Veteran journalist Bob Woodward is embroiled in an extraordinary public clash with the White House over his reporting on the sequester.
Woodward has been making the rounds to cable TV and print outlets accusing a "very senior person" in the administration of threatening him last week ahead of an op-ed he later published in the Washington Post attributing the idea for the automatic spending cuts to President Obama.
The blitz drew a harsh rebuke from former senior Obama adviser David Plouffe Wednesday night: "Watching Woodward last 2 days is like imagining my idol Mike Schmidt facing live pitching again. Perfection gained once is rarely repeated," he wrote on Twitter.
Former Obama campaign spokeswoman Lis Smith also opined: "Woodward deserves a lot of credit for taking a macro story about DC dysfunction, competing econ theories & making it all about him," she said.
In the column at the center of the storm, Woodward writes the White House has been deliberately disingenuous about its role in the sequester, and accused Obama of "moving the goal posts" by insisting Republicans agree to new tax revenue as part of any substitute for the sequester. "That was not the deal he made," he says.
Woodward's report has rankled administration officials, particularly since it undermines the narrative the White House has been pushing ahead the March 1 sequester deadline. Democrats claim the automatic cuts were mutually agreed upon and never intended to be enacted, making Obama's demand for new revenue a legitimate one. Republicans claim the sequester was Obama's idea and that any replacement plan was to be entirely cuts.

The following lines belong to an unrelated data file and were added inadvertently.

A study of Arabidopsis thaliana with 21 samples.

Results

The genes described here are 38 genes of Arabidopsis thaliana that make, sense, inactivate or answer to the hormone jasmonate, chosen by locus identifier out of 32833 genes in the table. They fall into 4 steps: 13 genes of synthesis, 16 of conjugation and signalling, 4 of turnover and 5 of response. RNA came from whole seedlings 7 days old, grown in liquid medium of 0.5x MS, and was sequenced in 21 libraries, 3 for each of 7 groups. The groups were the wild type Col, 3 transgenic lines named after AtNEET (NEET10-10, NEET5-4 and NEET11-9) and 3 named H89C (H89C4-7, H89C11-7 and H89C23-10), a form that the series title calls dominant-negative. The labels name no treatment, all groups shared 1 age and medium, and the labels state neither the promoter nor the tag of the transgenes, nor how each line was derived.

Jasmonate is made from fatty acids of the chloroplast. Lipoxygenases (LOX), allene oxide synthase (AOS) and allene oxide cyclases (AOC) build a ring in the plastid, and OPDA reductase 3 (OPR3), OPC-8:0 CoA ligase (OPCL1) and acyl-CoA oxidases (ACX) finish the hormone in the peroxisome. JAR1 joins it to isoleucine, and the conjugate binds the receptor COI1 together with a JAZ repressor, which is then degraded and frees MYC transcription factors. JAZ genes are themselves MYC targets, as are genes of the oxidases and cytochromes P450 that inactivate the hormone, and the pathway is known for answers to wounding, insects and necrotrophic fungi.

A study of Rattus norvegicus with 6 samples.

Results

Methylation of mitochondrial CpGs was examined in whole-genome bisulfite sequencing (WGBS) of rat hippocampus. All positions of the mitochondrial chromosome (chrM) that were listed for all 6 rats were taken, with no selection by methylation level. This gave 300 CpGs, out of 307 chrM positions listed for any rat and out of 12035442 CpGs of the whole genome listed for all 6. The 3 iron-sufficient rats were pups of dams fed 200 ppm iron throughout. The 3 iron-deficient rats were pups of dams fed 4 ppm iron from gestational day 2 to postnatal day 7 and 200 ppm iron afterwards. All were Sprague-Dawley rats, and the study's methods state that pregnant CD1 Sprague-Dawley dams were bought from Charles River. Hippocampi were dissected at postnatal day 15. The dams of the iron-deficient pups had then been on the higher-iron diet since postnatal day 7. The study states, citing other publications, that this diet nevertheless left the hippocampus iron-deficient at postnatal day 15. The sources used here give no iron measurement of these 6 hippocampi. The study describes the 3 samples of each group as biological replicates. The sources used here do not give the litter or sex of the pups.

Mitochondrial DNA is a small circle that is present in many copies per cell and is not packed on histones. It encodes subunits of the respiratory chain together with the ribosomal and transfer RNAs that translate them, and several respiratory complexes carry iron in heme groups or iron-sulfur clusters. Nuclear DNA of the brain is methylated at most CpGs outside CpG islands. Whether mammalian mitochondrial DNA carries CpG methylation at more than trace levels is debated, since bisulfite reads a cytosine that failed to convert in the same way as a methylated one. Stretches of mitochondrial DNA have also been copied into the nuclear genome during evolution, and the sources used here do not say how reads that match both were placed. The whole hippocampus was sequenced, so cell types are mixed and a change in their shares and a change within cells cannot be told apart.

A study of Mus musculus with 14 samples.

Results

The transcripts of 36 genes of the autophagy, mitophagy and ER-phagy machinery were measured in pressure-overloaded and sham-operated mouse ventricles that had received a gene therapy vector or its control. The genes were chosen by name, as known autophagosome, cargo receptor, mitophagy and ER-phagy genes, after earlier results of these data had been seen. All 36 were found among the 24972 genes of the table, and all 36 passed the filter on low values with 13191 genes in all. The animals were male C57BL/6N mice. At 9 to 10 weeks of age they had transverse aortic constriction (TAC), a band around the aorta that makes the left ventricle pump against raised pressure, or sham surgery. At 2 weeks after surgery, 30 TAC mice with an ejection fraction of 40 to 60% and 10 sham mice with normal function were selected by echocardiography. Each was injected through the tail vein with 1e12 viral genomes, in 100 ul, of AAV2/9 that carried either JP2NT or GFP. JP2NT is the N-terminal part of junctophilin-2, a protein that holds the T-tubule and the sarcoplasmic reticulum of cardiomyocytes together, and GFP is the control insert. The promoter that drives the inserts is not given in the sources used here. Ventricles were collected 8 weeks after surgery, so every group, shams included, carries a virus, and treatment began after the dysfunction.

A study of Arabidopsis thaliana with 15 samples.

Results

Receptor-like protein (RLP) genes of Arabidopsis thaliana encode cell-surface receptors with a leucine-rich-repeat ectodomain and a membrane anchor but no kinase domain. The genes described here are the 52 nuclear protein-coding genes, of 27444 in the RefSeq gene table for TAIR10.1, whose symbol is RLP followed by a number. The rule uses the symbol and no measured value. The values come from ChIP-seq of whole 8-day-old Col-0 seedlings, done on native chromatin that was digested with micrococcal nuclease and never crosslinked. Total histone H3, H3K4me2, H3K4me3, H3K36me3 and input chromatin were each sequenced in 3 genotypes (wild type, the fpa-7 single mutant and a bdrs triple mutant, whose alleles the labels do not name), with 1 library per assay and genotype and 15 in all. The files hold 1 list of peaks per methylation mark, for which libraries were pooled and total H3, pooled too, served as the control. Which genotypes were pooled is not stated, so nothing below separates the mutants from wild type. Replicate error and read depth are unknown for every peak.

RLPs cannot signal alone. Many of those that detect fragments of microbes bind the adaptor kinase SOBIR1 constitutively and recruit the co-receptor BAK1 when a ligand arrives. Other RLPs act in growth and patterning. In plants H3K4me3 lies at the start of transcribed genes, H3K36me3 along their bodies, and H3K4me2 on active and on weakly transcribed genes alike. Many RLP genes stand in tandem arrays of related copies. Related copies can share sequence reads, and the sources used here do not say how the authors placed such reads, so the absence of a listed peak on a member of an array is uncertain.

Now, Woodward alleges that he was bullied even ahead of publishing his report. He told Politico Wednesday that one Obama aide "yelled at me for about a half hour" and in an email message delivered a veiled threat.
"It was said very clearly: 'you will regret doing this,'" Woodward told CNN. "I'm not going to say [who], a very senior person. It makes me very uncomfortable to have the White House telling reporters you're going to regret doing something you believe in."
"I think if Barack Obama knew that was part of the communications strategy, let's hope it's not a strategy, but just a tactic he's employing, he'd say, 'look, we don't go around trying to say to reporters if you in an honest way present something that we don't like, you're going to regret this,'" he said.
BuzzFeed's Ben Smith, citing unnamed sources, says the official with whom Woodward had the tense exchange was the director of the White House Economic Council Gene Sperling.
White House officials have downplayed Woodward's account, saying that no threats were intended and that the original impetus for the email to Woodward was to apologize for an earlier heated phone conversation. And while the administration does not directly dispute Woodward's reporting, officials believe he is focusing on a moot point.
"What does that matter now? Not much," senior Obama adviser Dan Pfeiffer told reporters Sunday of the debate over who concocted the sequester.
"What is true now is that Republicans have decided that the sequester should go into effect," choosing cuts rather than closing loopholes, he said.
UPDATE 8:11 AM: A senior White House official acknowledges that a top aide told Woodward he would regret what he wrote, but insists there was no threat.
"Of course no threat was intended," the White House official tells ABC News. "The note suggested that Mr. Woodward would regret the observation he made regarding the sequester because that observation was inaccurate, nothing more."
Furthermore, the White House adds: "Mr. Woodward responded to this aide's email in a friendly matter."
Woodward's "friendly" response came on Saturday. He didn't come forward and call the initial email a threat until late Wednesday.
This post has been updated. ABC News' Jon Karl contributed reporting.